On July 22, 2016, the Superior Court of New Jersey reversed two $9 million jury verdicts in cases involving the prescription acne drug Accutane. Plaintiffs alleged that Accutane caused them to develop inflammatory bowel disease (“IBd”) and that the labeling at the time failed to sufficiently warn them and their prescribing physicians of the risk of IBD from using the drug.
The evidence at trial was that both plaintiffs had stopped using Accutane by April 1998. The label in effect at the time of prescription warned that Accutane was “temporally associated” with IBD. In 2000, the manufacturer changed the warning by removing the term “temporally” and adding language about persistent IBD to read, “Accutane has been associated with inflammatory bowel disease . . . in patients without a prior history of intestinal disorders. In some instances, symptoms have been reported to persist after Accutane treatment has been stopped.” Rossitto v. Hoffman-La Roche, 2016 WL 3943335, *14 (NJ Sup. Ct. July 22, 2016) (emphasis in original).
The trial court initially barred admission of the 2000 revised label as evidence of a subsequent remedial measure prohibited by Rule 407. However, after one of the defendant’s experts testified that removal of the word “temporally” from the label might weaken the warning, the trial court reversed itself and admitted the 2000 label into evidence for the purpose of impeaching the expert.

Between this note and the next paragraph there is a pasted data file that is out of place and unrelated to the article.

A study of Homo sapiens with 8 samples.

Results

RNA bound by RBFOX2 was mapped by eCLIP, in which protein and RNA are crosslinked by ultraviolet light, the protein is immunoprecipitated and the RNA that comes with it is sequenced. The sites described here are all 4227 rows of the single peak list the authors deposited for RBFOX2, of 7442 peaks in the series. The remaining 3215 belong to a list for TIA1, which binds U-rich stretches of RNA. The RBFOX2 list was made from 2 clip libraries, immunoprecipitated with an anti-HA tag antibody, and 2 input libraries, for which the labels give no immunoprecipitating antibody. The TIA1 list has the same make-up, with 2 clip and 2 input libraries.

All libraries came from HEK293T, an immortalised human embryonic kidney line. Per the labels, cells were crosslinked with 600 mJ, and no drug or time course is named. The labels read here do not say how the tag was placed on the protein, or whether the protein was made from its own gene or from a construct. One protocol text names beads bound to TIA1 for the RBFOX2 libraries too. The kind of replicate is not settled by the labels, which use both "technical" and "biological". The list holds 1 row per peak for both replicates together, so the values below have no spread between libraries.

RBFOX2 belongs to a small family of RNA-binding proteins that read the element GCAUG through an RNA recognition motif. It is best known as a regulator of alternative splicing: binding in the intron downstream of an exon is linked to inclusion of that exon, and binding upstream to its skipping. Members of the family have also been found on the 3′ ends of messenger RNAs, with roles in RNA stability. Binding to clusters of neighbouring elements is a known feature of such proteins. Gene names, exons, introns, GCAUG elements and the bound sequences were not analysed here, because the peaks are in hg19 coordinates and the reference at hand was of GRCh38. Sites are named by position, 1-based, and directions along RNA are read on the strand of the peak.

The New Jersey appellate court held trial court “seriously erred” in allowing evidence of the post-ingestion label. The Rossitto Court’s reasons for overturning the trial court included:
- Even though the FDA played a role in proposing the 2000 label change, the change was not a mandated change and, therefore, constituted a voluntarily undertaken subsequent remedial measure.
- The 2000 label change strengthened the warning regarding IBD and, “could easily have been viewed by the jurors as ‘smoking gun’ evidence, signifying that the Accutane label that had preceded the 2000 version was deficient.” Rossitto, *17.
- The probative value of the label for impeachment was substantially overcome by the strong prejudice to the defendant.
The trial court further erred in refusing to allow all four of the defendant’s experts to testify on the critical subject of general causation, holding such testimony repetitive and unnecessarily duplicative. This error, coupled with trial court’s “ill-advised” admission of the post-ingestion label, “was of such a magnitude…to warrant relief” in the form of a new trial.
The full Rossitto decision can be found here.